Research on the economic effectiveness of government subsidies found that Wisconsin’s $4 Billion Foxconn deal will not work and could be a significant detriment to the regional economy. The data continues a factual stream of information that has unraveled the “Big Foxconn Lie,” and indirectly supported by a comparable situation in New York with Amazon.com

U.S. Congresswoman Alexandria Ocasio-Cortez suggested on December 7 that the Trump administration “focus more on cutting public assistance to billionaires instead of poor families” after news broke Friday that Amazon was expanding its presence in New York City without the state giving the company billions in tax incentives.

“Won’t you look at that: Amazon is coming to NYC anyway – *without* requiring the public to finance shady deals, helipad handouts for Jeff Bezos, and corporate giveaways. Maybe the Trump admin should focus more on cutting public assistance to billionaires instead of poor families.”

The decision by the online giant to lease 335,000 square feet of office space in Manhattan, and employee 1,500 employees in the consumer and advertising departments, came roughly 10 months after Amazon announced it was ditching its widely condemned plan for which New York state would have given the online giant nearly $3 billion in tax incentives.

Ocasio-Cortez was among that plan’s most vocal critics, asking at the time, “Why should corporations that contribute nothing to the pot be in a position to take billions from the public?”

In a Twitter thread on December 7, Ocasio-Cortez said that Amazon would now be “bringing work without the welfare” and also countered the Republican talking point that the city was losing out on thousands of jobs.

“While we’re here, let’s clear up some GOP disinformation: “It’s 1500 jobs vs 25,000”: The 25,000 jobs figure was a 10-20 year fantasy # from Amazon, not a promise or agreement. In exchange for that lack of commitment, they wanted billions of public $. Their Y1 jobs projection was 700.”

Amazon will be locating in New York, just as they always planned, and the state dodged a $3 Billion bullet by not agreeing to their subsidy shakedown. Wisconsin has been far from that fortunate.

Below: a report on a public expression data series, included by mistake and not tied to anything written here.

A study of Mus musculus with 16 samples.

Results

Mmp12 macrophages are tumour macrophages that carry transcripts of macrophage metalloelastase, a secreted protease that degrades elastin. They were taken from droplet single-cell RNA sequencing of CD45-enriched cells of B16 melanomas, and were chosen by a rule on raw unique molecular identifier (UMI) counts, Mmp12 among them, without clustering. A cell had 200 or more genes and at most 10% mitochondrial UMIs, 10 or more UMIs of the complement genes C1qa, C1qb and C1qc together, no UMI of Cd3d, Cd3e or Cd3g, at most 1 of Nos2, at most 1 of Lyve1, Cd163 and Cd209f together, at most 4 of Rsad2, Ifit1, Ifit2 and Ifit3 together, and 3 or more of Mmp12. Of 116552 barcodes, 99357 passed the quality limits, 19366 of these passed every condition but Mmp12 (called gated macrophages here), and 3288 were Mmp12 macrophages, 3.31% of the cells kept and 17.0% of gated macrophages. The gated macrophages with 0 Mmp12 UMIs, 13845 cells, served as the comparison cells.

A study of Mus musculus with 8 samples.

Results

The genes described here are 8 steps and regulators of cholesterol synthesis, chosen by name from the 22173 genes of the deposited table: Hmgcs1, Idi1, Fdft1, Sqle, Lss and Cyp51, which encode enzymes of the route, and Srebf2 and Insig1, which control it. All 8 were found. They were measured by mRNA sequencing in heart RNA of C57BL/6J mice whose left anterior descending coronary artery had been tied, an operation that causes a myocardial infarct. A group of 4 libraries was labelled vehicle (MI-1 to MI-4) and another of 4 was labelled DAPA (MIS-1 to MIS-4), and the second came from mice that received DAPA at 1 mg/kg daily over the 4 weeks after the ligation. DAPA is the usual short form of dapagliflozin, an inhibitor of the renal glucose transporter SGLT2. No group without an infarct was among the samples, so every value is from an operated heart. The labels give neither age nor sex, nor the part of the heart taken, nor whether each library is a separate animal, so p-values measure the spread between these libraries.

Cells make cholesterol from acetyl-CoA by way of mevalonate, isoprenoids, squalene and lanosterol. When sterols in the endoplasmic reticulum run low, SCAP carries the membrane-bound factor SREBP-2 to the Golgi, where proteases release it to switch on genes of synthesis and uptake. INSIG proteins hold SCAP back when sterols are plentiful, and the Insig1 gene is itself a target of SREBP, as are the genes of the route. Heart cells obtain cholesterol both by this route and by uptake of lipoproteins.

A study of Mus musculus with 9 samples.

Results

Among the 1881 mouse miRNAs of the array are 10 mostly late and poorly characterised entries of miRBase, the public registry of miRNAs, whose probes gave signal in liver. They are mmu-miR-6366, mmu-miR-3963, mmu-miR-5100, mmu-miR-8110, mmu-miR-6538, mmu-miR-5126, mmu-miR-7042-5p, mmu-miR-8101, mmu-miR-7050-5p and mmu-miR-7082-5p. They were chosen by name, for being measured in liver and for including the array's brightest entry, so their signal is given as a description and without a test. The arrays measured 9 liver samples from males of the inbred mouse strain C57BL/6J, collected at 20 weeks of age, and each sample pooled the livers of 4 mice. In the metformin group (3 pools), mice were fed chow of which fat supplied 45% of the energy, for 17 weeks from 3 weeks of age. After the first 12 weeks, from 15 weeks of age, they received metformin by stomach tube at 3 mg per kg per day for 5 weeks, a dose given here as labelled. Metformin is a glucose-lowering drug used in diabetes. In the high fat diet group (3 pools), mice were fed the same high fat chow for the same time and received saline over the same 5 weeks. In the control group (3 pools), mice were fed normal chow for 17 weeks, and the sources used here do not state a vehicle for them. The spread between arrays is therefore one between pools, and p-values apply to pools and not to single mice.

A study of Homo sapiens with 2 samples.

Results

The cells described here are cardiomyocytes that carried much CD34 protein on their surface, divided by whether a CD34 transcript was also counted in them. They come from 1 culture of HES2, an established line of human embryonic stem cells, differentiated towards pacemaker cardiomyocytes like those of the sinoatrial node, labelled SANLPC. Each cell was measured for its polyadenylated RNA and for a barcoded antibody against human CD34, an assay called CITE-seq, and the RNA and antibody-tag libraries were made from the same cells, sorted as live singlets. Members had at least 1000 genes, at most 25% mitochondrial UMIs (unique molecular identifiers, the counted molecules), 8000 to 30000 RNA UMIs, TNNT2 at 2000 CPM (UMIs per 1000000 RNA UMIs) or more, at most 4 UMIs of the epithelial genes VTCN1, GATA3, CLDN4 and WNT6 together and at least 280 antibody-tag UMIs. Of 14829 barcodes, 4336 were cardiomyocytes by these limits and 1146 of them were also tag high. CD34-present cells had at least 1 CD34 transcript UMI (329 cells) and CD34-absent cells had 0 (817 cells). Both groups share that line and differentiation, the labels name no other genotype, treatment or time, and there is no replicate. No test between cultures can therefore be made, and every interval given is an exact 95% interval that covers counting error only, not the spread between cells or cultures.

“The Economics of a Targeted Economic Development Subsidy” found that targeted subsidies are more likely to diminish rather than enhance the economic prosperity of communities that offer them. The recent study was conducted by the Virginia-based Mercatus Center at George Mason University.

Researchers based their study on $3.6 billion in state incentives, taking into account the $3 billion incentives package approved by the GOP-controlled state Legislature in 2017, and an additional $600 million in utility, road, training programs and economic development programs needed for the project.

“I think there was an appetite for a smaller investment. But the scale of this, even under the original best case scenario, had a 25-year pay back. And that was before project changed which upended any hopeful expectations,” said Assembly Minority Leader Gordon Hintz. “It reaffirms what we know, but the fact that Wisconsin went well and above what traditional incentives has put us in an even worse position.”

The George Mason University researchers found Foxconn could have come to Wisconsin even without an incentives package. Wisconsin would have been the best place to locate because of its access to water resources and other utilities, plus the state already has a 0 percent corporate income tax for manufacturing firms.

Matthew Mitchell, an author of the study, said that research over the years has shown a subsidy package like one Wisconsin is offering Foxconn only determines a company’s location decision between 2% and 25% of the time. A recent state audit found that firms receiving Wisconsin subsidies create only about 34 percent of the jobs they promised.

The Wisconsin Economic Development Corporation (WEDC) will receive a report from Foxconn on December 31, and at that time the state organization to determine if the company qualifies for state tax credits.